This is a highly simplified description of combat, because I trust that my players will have a basic grasp of the way combat works in role-playing games, and most of them won't read this anyway.

Rounds

  1. Determine Initiative - roll your initiative step, open ended. Highest score acts first, then we count down. Rounds are +/- 10 seconds long.
  2. Resolve Actions - people get to act in the order of their initiative. If you declare a combat option that messes with your defense, it lasts until your main action of the next round.
  3. Secondary Actions - some sub-skills give second attacks; these are resolved at the end of the round, in the same order as the original attacks. Keep the cycle going until everyone has taken their actions.
  4. Begin New Combat Round - still standing? Start over!

Actions

  • Movement - If you're moving and acting, you can cover your base move. Double that if all you're doing is moving. You can't move/attack/move unless you're mounted and have the right sub-skill. In some cases your movement might get interrupted; if someone has an initiative close to yours they might be able to get off a ranged attack at you before you reach where you're heading. Don't worry, I have charts for this.
  • Simple Actions - Some things (talking, drawing a weapon, some sub-skills) don't count as full actions. These are pretty well self explanatory, and we'll work on it in game.
  • Difficulty Number - This is most likely the target's Physical or Magical defense, or a target number that I slaved over for hours and used a lot of complex and highly realistic charts to determine.
  • Reserved Actions - You can chose to act later in the round; just state that you're holding your action until you want to go. This is good both for matching your attack against a mounted or animal attacker who is charging past, or to try and second guess opponents and interrupt them. In an interrupt scenario, whichever of you scores a higher degree of success acts before the other: interrupts are not a sure thing, so don't count on them too much.

    Resolving Attacks

    1. Make an Attack Test - Roll your step for the skill you're using to attack. The difficulty is probably the target's Magic or Physical Defense. If you beat the difficulty, you hit; if not you didn't. Simple, huh? There's more.
    2. Armor-Defeating Hits - Did you get an Excellent success on the chart? Ignore your opponent's armor! If your target has a shield, you need an Extraordinary success.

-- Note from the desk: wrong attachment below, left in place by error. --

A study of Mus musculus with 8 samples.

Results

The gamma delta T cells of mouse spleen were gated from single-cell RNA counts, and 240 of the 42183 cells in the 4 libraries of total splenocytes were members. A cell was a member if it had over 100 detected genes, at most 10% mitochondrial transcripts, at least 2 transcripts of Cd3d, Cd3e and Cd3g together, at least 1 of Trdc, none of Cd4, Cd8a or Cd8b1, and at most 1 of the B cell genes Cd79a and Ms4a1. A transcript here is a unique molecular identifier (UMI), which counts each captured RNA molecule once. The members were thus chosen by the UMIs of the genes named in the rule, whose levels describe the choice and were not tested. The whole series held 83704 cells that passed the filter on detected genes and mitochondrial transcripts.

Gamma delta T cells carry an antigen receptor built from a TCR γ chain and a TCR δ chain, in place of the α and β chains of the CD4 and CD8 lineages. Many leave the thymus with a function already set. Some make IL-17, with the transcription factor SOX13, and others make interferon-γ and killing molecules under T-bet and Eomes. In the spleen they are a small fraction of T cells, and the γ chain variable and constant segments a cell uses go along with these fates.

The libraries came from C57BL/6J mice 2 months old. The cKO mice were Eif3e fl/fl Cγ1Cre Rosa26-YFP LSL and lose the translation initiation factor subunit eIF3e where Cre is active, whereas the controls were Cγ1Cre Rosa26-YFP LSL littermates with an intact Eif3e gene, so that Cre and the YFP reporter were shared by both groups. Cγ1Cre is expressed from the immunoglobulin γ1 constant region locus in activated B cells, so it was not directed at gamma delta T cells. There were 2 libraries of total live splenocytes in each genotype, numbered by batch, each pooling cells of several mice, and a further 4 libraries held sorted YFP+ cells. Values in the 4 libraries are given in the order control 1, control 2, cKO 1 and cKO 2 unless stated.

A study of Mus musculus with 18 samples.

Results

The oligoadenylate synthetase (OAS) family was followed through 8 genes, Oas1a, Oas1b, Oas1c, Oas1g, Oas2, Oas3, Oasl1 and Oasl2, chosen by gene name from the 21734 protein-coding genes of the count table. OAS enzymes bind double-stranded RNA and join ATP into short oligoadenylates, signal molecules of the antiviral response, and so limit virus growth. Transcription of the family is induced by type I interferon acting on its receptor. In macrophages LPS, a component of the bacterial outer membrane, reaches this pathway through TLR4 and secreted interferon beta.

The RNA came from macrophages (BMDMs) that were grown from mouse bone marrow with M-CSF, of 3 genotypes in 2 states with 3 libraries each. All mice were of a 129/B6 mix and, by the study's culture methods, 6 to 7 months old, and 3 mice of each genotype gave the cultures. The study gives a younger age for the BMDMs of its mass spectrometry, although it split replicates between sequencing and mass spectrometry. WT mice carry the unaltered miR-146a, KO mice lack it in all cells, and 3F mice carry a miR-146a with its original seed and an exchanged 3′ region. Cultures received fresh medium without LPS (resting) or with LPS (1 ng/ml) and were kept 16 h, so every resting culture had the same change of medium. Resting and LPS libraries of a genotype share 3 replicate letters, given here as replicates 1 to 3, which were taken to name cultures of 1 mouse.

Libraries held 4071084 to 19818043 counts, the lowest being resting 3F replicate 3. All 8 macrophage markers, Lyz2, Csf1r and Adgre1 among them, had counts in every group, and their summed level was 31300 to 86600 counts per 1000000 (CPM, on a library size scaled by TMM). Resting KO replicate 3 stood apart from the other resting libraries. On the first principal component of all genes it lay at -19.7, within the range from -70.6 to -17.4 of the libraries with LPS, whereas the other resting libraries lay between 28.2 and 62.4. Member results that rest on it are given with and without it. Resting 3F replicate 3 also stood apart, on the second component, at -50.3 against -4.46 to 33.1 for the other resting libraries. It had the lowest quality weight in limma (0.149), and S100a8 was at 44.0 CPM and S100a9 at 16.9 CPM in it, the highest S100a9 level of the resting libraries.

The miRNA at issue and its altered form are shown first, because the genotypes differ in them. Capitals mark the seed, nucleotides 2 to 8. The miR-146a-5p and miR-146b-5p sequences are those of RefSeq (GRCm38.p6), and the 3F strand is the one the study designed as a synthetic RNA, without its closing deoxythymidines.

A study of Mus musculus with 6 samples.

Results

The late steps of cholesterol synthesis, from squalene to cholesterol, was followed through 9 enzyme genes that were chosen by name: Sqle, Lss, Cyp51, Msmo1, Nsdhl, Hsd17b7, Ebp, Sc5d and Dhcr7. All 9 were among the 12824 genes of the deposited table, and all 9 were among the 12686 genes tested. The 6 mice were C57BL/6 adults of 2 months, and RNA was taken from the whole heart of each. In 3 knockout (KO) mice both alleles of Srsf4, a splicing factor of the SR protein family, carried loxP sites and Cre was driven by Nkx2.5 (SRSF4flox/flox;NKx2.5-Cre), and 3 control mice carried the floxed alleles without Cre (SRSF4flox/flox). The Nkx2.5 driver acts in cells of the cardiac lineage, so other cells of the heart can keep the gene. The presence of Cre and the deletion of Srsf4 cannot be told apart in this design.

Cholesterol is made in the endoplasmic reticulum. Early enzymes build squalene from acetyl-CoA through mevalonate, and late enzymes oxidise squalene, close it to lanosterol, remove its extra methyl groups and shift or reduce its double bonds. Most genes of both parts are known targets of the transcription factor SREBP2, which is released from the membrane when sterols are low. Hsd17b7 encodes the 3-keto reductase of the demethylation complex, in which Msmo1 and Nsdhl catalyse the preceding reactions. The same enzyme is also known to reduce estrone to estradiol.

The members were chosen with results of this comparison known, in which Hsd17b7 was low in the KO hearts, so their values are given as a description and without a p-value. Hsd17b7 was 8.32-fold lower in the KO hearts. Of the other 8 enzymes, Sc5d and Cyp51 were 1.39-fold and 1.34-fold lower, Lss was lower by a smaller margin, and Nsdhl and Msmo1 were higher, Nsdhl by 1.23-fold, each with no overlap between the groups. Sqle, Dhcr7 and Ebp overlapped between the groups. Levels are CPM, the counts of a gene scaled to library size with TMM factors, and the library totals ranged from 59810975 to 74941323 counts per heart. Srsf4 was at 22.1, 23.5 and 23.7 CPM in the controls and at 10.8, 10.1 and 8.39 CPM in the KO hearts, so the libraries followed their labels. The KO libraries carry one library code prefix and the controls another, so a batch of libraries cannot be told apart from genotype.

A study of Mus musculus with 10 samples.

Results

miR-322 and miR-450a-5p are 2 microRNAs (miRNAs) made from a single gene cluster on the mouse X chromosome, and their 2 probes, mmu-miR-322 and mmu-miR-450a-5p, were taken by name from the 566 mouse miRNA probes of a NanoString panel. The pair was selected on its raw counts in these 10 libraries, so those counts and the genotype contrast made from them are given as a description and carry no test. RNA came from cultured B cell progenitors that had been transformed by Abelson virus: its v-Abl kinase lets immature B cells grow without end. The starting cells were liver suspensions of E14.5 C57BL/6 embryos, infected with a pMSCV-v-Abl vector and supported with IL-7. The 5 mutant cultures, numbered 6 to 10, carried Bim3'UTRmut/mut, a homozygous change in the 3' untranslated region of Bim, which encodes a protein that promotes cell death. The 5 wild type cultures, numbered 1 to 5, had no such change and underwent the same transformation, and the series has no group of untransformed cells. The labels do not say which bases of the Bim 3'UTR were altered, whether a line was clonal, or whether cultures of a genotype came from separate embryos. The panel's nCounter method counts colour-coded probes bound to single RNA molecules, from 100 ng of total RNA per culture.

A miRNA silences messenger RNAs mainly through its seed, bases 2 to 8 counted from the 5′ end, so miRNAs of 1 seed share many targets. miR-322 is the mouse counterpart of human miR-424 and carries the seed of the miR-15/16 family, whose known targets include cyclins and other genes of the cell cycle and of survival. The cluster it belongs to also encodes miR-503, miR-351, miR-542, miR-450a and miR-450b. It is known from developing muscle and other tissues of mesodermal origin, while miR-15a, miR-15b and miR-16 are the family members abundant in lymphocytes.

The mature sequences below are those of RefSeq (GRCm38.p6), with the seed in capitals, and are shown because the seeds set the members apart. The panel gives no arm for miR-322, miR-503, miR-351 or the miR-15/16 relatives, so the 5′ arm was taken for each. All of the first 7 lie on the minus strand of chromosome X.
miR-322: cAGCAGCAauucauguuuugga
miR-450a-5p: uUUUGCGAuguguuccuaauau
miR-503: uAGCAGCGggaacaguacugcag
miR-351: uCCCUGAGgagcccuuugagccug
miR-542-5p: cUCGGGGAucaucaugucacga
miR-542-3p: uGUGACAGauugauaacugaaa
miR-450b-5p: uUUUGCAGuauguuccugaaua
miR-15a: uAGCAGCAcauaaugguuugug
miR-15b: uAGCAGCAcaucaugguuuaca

3. Make A Damage Test - Make a damage test for the attack, based on your weapon, your body and perhaps your skills. Higher is better.
    4. Adjust Damage for Armor - If this isn't an armor-defeating hit, then your target gets to subtract their Armor Rating from the attack. Against many magical attacks, they subtract half their armor rating. If this is an armor-defeating attack, the target takes full damage from the attack, and gets no benefit from armor. Which really hurts.
    5. Check for Wounds - If the amount of damage taken (i.e., the damage left after armor) is greater than the target's wound threshold, then they've been wounded. Wounds are serous injury that reduce all of the target's steps by one until they heal, and they take forever to heal. They suck. Don't get them. (But they make great gifts!)
    6. Make a Knockdown Test - If the damage rolled (i.e., damage before armor) is greater than your wound threshold, you might have been knocked over. Maker a Body or Athletics/Balance test against a difficulty of (damage [wound threshold +3]). This means that if you take 17 damage, and have a wound threshold of 10, your knockdown difficulty is 7. Got it? If you miss the roll, you fall over.

      If you're down, you have a 3 on all steps and 3 on Defenses till you get back up. That takes movement, which means that you're probably flat on your butt till your next main initiative (no those fancy extra actions don't let you stand; you're making attacks while lying down).

    7. Check for Unconsciousness or Death - If you've taken as much damage as your Unconscious rating, then you're out, but not Dead. If the attack that took you over your Unconscious Rating also gave you a wound, you're bleeding to death, taking one more point of damage per round until someone heals you somewhat or you hit your death rating. If the amount of damage taken exceeds your Death Rating, you're pretty well gone. Sorry.